Apparel: Shares close up $5.50 in first day of trading. But analysts have mixed opinions about stock's staying power.

June 13, 1997|SHARON WALSH | WASHINGTON POST

Investors rushed Thursday for one of Seventh Avenue's biggest stars--Polo Ralph Lauren Corp.--when its stock went on sale to the public for the first time. The demand was so great that the offering price was raised from $25 to $26 a share, and trading opened at $32.125.

Analysts estimated that the stock offering of 29.5 million shares, which raised $767 million, may have been five to 10 times oversubscribed. That caused brokers to go into the market and buy at higher prices for their clients.

After company founder Ralph Lauren, who got his start in the garment business 30 years ago selling neckties, rang the opening bell on the New York Stock Exchange, the shares in his company traded as high as $33 before closing at $31.50.

"Obviously, the brand name goes a long way in an offering like this," said Allison Malkin, a vice president at Dillon Read & Co. "It's definitely trading at a premium to its direct competitors."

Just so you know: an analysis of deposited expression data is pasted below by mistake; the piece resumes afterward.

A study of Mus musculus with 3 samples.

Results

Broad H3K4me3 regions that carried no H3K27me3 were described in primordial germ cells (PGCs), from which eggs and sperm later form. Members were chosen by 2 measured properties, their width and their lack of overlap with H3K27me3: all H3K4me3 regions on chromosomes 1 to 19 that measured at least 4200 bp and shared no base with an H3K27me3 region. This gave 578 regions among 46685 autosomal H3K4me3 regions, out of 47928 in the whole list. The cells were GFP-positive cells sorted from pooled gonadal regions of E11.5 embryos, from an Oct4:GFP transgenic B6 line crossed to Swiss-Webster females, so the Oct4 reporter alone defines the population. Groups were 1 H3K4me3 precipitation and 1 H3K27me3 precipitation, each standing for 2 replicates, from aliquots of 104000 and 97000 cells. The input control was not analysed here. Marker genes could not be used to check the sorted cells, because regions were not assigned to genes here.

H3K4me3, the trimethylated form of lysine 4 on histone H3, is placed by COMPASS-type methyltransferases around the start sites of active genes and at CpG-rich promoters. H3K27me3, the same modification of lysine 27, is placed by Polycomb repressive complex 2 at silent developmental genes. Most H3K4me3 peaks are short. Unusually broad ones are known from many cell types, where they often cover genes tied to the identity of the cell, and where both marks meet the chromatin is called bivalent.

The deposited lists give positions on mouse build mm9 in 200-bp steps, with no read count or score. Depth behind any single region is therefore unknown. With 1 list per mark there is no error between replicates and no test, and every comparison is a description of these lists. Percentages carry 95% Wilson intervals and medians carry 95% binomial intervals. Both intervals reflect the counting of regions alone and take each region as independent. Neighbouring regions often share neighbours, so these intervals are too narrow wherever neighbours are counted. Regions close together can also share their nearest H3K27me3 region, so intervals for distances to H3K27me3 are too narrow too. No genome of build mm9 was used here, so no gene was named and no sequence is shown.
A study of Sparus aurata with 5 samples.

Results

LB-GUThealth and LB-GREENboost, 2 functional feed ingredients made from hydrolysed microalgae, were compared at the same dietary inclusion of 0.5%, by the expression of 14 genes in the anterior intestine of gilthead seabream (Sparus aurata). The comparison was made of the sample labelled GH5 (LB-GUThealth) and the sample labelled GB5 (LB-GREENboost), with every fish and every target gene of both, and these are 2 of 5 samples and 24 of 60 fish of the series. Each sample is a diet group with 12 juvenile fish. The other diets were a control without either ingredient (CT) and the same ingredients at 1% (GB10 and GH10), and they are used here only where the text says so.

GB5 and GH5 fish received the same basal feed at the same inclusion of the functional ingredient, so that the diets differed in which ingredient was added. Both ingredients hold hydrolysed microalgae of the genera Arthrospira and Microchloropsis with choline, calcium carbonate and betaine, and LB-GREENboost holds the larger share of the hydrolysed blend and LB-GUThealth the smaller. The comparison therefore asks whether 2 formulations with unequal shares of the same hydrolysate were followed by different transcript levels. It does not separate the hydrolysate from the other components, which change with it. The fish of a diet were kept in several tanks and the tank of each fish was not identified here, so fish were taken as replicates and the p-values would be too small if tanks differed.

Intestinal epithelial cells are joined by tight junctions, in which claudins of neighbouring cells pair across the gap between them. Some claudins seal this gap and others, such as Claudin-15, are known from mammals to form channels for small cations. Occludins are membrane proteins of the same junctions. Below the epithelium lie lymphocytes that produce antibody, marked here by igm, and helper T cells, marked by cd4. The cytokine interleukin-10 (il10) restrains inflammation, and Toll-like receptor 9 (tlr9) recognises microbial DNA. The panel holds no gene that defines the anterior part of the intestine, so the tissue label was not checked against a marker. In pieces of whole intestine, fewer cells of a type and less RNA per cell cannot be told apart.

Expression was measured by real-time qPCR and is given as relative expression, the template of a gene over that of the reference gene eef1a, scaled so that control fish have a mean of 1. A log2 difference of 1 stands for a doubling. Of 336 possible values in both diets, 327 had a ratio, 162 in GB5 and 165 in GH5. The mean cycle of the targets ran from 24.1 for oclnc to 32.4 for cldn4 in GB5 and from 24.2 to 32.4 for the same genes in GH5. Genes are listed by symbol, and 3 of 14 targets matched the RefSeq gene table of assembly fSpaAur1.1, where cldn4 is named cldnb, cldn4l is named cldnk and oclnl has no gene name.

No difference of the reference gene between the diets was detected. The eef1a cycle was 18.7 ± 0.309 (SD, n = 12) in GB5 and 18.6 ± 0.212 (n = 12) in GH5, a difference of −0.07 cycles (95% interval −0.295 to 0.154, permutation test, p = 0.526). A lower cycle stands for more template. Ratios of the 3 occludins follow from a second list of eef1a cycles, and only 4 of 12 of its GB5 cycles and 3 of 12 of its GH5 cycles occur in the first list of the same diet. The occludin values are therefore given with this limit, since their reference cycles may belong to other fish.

As for whether the stock has staying power at that price, opinions were mixed.

"It deserves to be positioned as a consumer franchise because it paved the way for other menswear designers," Malkin said. "But it's obviously trading at a premium now. It will only stay at $31 if it can meet or beat analysts' earnings estimates."

One analyst, who asked not to be named, said the stock has "lowest-common-denominator appeal. . . . They buy it because they have the shirts. It's trading way too high."

Of the total shares, the apparel design company sold 9.4 million, raising $244.4 million. But the bigger stake was sold by the designer himself, who sold 17.9 million shares at the offering price for $465.4 million.

Some brokers and analysts have questioned the value of fashion-house stocks--which in the last several years have sold well initially. However, some of them, such as the stock of Donna Karan International Inc. and Designer Holdings Ltd., have lost much of their value in the last year.

Lauren, some said, may be different. His company has a solid record of earnings and good management, they said. In addition, they believe his company's well-known name will help it expand into new markets around the world and attract partners who want to license his name in other product lines.

Lauren has already diversified beyond men's and women's apparel into home furnishings, children's apparel and perfume lines. He is about to enter the athletic-footwear business as well.

Even after the offering, Lauren will keep tight control of his company. His family will retain nearly 90% of the voting rights by owning all 46 million shares of the company's outstanding Class B stock. That stock entitles the holder to 10 votes per share; public shareholders can buy only Class A stock, with one vote per share.